During her pre-Lodore period, Mary also did some traveling (with her eleven-year-old son to Southend for about a month in the summer of 1830. Now officially Southend-on-Sea, about forty miles due east of London, at the mouth of the Thames in the North Sea (Google tells me a train makes the journey in fifty-three minutes), the town was, for a while, a fashionable resort (thanks to the train that arrived in the nineteenth century). Mary had always loved the seaside, even though, now, it surely caused her to tremble to be reminded—every day, in sound and sight—that this was the sort of lovely water that had killed her husband.
Mary was also visiting friends, writing reviews and stories, and, as a favor, reading through the manuscript of Edward J. Trelawny’s memoir Adventures of a Younger Son, which would appear in 1831. In late December 1830, Mary wrote to Trelawny, who was eager (impatient, even) for news of her reaction. I am delighted with your work, she began; it is full of passion, energy & novelty—it concerns the sea & that is a subject of the greatest interest to me—I should imagine that it should command success—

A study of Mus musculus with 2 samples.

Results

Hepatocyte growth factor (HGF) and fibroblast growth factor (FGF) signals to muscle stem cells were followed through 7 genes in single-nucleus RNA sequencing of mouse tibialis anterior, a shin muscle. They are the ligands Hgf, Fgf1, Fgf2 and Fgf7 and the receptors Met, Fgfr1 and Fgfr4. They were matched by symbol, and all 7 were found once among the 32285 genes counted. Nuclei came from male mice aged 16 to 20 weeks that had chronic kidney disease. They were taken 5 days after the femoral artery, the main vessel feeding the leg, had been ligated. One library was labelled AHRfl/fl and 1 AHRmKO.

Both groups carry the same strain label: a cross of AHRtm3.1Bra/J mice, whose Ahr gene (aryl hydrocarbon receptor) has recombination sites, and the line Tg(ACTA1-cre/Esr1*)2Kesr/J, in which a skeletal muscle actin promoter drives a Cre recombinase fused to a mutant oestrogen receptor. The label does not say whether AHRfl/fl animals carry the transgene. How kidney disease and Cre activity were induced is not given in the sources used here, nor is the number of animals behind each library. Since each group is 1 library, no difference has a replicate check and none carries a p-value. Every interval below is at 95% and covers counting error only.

But she was also fearful about some of what she read. She cautioned Trelawny about what she perceived to be excessive frankness about women. And his overall diction. Certain words & phrases, she wrote, pardoned in the days of Fielding are now justly interdicted—& any gross piece of ill taste will make your bookseller draw back. … Besides that I, your partial [here, meaning special, biased in your favor] friend, strongly object to coarseness ….
Their correspondence about the manuscript would continue—and Mary would work hard with London publishers to place his book (she succeeded), but Trelawny, never a grateful man, grew somewhat bitter about Mary, doubting whether she was really exerting her utmost for him. But in her letters, she seems to suggest that she and Trelawny might marry! What ensues is interesting, to say the least.